Keeping the memory of Kasur alive

We need to keep our children safe and we need to prosecute those involved in abusing them

Nashmia Butt August 19, 2015

I don’t have the heart to write this but it needs to be written. A lot has been said about the Kasur case but I feel whatever has been said so far will never be enough. Two hundred and eighty children were forced into child pornography. Whether they were teenagers or little children does not matter. What matters is that they were tortured, threatened and forced to perform sexual acts. Why do the authorities seem reluctant in taking strong action against the perpetrators? Is this issue not important enough? Yes, okay, it happens everywhere, as a certain member of the ruling party was quick to remind us, but does that justify any of it? No, it certainly doesn’t.

Please take a minute and Google rape cases. You’ll see reports of millions of them around the world. Then look up child abuse cases. That happens everywhere too — not only in third world countries, but also the more developed ones. Most victims choose not to speak up, in order to avoid the mental trauma of explaining and reliving their torturous experience. So imagine how many have remained silent on these issues for years. Records of such cases won’t ever be seen anywhere.

Generally, our society tends to criminalise the victims, fingers are pointed at the person who has faced the trauma, whose trust has been betrayed, who will probably never lead a normal life again, who will never trust anyone again. Sadly, that’s something which is happening in this case too, with attempts being made initially to downplay the scandal. That is the authorities’ way of brushing the case under the carpet. Rape and sexual abuse scar the victims for life. It should be the other way around; they should scar the perpetrators too. And that can only happen if they are apprehended and made to pay for their crimes. We shouldn’t let those criminals loose.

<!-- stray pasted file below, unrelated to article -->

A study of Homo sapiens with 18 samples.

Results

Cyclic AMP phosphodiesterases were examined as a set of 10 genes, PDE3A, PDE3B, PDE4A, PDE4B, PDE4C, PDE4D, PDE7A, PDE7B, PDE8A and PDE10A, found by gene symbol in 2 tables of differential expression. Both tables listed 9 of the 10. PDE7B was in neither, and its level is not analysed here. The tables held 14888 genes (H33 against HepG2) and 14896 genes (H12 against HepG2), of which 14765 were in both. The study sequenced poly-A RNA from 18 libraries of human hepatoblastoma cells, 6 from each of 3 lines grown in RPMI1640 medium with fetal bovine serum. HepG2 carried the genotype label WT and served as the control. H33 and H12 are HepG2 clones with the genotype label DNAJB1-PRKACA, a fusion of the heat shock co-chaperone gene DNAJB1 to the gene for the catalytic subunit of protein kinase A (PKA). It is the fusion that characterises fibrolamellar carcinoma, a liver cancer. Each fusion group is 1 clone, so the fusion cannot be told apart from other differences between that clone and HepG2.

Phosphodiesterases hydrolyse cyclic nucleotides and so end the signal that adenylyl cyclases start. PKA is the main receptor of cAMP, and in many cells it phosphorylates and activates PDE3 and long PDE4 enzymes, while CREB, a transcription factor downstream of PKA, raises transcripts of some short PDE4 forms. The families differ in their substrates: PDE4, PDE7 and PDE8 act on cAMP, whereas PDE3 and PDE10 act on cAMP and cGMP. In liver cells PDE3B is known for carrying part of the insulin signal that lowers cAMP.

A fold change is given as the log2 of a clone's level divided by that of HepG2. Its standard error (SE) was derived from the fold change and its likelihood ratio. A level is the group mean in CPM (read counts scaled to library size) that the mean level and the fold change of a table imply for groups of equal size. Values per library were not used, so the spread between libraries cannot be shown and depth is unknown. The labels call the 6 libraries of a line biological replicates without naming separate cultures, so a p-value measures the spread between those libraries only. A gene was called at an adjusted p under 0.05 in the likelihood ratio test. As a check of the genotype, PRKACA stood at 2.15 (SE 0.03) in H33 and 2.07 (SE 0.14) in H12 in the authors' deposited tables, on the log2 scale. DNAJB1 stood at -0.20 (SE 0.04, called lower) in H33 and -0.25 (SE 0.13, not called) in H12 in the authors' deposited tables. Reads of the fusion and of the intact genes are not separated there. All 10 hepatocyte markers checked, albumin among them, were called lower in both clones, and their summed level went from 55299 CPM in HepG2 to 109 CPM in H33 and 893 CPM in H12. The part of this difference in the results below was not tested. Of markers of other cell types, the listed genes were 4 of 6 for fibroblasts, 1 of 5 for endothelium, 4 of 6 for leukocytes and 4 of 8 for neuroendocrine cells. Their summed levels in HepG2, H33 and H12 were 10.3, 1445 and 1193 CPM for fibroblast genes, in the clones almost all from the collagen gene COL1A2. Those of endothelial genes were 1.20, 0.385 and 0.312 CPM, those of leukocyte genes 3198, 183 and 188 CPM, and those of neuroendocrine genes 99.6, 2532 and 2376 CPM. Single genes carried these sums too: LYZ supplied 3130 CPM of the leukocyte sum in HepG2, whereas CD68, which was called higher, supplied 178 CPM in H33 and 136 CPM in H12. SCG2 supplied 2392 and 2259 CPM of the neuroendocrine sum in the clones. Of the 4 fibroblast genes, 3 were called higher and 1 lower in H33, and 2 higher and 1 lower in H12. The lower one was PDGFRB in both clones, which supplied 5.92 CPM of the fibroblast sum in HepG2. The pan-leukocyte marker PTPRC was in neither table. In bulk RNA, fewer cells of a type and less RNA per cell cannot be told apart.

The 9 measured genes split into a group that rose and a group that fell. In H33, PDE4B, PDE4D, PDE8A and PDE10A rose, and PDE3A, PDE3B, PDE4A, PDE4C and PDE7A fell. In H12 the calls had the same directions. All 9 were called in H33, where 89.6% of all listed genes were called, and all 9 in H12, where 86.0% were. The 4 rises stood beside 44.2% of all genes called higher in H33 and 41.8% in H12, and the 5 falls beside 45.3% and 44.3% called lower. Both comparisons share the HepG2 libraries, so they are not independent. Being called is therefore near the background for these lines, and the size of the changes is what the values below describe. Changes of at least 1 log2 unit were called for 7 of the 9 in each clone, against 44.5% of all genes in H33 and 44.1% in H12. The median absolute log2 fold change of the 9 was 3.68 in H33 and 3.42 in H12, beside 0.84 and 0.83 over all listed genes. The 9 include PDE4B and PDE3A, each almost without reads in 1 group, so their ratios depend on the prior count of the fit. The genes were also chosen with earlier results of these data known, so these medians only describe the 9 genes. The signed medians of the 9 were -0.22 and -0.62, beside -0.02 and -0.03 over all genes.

Let us not ignore Kasur. Let this news not become old. Soon something else will happen and this will become too old for people to care about. The front page headlines will be filled with some other news soon enough. And we will forget about this incident and the many other similar ones.

Let us keep the memory of Kasur alive. We need to work together to combat the issue of child sexual abuse. Not only in our country, but the world over; there needs to be a conversation on this. We need to keep our children safe and we need to prosecute those involved in abusing them.

Published in The Express Tribune, August 19th, 2015. 


Sarah | 7 years ago | Reply Really well written and completely on point. The way Kasur is handled will set a precedent for years to come; so that in the future no one ever thinks about abusing fragile, innocent lives again. It is so unfortunate how that adult perpetrators of child abuse in Pakistan actually believe they can and will get away with these heinous acts, which is also partly the reason they can so confidently carry them out - there is no one to bring forth the plight of these children - no one on their side. A strong message has to be sent to encourage the victims of such abuse who - like you said -may never recover from the trauma they have experienced, they need to speak up, to know that there are people who are willing, able and honestly going to help them, so that in future, such cases can be handled earlier and action taken before it reaches the ridiculous number of 280 children! This cannot be overlooked, because our indifference will reflect on how morally corrupt we have become as a nation and will mean we have acquiesced to these appalling and repugnant acts.